Andrew Hutchens, a PhD candidate in the Economics Graduate program, is an Energy Data Analytics PhD Student Fellow for 2022. Supported by the Alfred P. Sloan Foundation, the fellowship program at Duke University readies emerging scholars to apply advanced data science techniques to energy challenges. Read Hutchen’s description of the program and how it will strengthen his research and grow his professional network.
“I wanted to be a part of this program for two main reasons. First, to augment the superb empirical training that I’ve received from ARE with experience in cutting-edge data science and big data methods. Both data science and big data are becoming increasingly important to economic research, particularly in environmental and energy economics, and my research agenda will greatly benefit from improving my expertise in those realms. Second, to enhance the interdisciplinary aspect of my research in energy and environmental economics. A lot of the topics that I work on rely substantially on information from the natural sciences and engineering, so being in close contact with rising and leading researchers from both arenas is vital for effectively answering economic research questions.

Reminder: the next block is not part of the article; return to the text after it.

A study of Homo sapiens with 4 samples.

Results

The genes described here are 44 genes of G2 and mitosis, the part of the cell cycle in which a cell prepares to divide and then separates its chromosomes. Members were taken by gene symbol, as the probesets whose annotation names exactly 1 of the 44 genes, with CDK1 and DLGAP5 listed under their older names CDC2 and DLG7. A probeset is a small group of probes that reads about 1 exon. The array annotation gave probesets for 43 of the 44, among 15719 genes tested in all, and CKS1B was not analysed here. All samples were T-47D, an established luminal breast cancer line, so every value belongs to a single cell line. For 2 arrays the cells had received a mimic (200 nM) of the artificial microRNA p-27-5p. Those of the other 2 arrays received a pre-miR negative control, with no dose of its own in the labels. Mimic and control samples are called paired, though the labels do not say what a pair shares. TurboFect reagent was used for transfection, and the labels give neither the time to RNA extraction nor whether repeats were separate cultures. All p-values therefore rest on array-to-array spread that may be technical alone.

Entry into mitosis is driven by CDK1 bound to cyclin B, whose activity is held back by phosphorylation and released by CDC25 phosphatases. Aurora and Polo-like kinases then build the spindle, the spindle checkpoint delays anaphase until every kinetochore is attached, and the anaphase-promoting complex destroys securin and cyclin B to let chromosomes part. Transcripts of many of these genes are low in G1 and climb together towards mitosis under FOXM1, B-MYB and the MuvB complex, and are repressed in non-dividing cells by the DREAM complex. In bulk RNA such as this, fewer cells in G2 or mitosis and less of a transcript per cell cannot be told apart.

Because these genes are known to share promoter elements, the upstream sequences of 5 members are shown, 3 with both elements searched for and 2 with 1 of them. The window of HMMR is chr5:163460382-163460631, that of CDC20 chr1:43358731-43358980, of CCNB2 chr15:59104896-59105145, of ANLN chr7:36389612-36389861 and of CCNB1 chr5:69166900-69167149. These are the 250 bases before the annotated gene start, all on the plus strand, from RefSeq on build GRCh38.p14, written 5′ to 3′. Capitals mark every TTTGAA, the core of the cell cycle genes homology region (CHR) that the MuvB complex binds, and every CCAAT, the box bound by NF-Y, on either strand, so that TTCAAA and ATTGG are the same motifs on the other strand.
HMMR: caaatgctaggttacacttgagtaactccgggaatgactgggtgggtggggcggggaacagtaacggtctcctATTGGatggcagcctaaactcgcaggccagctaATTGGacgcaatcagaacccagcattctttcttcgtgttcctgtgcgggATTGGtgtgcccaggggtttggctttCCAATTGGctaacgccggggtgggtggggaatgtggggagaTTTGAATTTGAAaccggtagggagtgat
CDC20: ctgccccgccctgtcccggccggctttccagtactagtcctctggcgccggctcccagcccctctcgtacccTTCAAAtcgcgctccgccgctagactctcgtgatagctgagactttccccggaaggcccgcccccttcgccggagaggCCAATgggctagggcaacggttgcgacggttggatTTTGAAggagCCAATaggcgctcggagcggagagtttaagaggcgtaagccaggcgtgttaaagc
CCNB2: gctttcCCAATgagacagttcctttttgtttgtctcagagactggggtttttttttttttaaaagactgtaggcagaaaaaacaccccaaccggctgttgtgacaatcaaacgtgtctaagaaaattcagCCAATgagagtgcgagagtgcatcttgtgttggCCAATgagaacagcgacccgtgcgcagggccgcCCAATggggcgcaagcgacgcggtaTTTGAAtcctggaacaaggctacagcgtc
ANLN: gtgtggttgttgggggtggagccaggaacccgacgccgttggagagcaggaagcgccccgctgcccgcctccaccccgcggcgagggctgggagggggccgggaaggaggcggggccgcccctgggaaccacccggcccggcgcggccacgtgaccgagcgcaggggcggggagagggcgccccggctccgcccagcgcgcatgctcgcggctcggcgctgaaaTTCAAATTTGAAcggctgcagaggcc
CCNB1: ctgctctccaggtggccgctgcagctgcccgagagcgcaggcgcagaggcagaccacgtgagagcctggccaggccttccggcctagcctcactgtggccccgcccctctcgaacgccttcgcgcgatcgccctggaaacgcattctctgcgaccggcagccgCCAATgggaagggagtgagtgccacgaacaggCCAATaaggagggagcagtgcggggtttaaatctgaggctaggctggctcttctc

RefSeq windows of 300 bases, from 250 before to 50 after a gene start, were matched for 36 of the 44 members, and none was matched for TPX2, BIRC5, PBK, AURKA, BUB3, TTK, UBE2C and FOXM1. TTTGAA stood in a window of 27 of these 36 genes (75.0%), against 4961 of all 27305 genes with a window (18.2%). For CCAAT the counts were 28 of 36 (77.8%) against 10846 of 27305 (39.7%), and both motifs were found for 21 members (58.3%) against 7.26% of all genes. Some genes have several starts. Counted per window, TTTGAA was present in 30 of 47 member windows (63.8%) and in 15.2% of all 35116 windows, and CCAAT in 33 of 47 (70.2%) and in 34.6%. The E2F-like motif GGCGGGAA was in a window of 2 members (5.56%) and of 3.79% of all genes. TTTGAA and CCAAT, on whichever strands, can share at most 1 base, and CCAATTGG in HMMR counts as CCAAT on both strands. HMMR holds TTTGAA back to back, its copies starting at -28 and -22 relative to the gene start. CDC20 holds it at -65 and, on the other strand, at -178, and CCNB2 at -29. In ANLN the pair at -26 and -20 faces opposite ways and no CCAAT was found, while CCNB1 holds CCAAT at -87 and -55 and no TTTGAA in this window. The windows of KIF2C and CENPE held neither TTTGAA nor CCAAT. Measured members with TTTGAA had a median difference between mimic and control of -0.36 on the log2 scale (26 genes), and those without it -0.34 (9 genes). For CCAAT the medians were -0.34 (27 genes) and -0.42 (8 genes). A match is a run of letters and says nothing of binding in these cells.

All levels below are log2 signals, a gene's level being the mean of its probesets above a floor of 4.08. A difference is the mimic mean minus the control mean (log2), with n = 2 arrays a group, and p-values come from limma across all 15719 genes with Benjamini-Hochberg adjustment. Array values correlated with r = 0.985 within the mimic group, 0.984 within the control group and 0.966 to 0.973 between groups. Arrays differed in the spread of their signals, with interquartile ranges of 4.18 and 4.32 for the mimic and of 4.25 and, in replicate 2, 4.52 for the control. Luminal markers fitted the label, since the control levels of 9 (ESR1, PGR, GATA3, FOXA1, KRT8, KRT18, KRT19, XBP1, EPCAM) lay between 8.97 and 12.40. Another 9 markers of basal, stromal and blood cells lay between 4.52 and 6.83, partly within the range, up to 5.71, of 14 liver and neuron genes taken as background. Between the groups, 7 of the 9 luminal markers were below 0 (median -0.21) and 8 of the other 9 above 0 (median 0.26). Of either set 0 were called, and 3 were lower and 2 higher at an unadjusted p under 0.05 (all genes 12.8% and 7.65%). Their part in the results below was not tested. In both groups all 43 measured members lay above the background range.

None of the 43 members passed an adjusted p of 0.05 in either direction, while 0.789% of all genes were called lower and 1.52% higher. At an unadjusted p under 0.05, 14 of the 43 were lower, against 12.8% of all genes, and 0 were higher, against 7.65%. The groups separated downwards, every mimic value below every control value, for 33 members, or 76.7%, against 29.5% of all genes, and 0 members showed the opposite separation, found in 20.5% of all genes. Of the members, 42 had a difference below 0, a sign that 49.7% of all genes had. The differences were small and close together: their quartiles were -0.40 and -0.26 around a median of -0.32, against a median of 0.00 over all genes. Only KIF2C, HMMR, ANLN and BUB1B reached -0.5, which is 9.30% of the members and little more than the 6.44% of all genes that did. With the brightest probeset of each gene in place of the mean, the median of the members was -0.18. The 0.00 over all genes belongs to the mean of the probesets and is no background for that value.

In this program, I’ll be working on a project that empirically characterizes power plants’ drought responses under varying electricity and water market conditions. Alongside Eric Edwards, Harrison Fell, and Jordan Kern (from the Department of Forestry and Environmental Resources), I’ll be leveraging rich panel data on plant operations, electricity and water market characteristics, and drought measures to see if there are any stability or efficiency advantages to certain electricity and water market types as the power grid progresses through climate change and a transition away from non-renewable energy. The major data science and big data components of the project stem from analyzing satellite data on drought conditions and using machine learning to predict plants’ drought responses under alternative policy and market scenarios.
This program will undoubtedly allow me to improve my ability to present economic research to non-economists as well as integrate insights from engineers, natural scientists, and data scientists into my economic modeling. I also see the program as an invaluable opportunity to network with faculty and peers who are also interested in energy research.”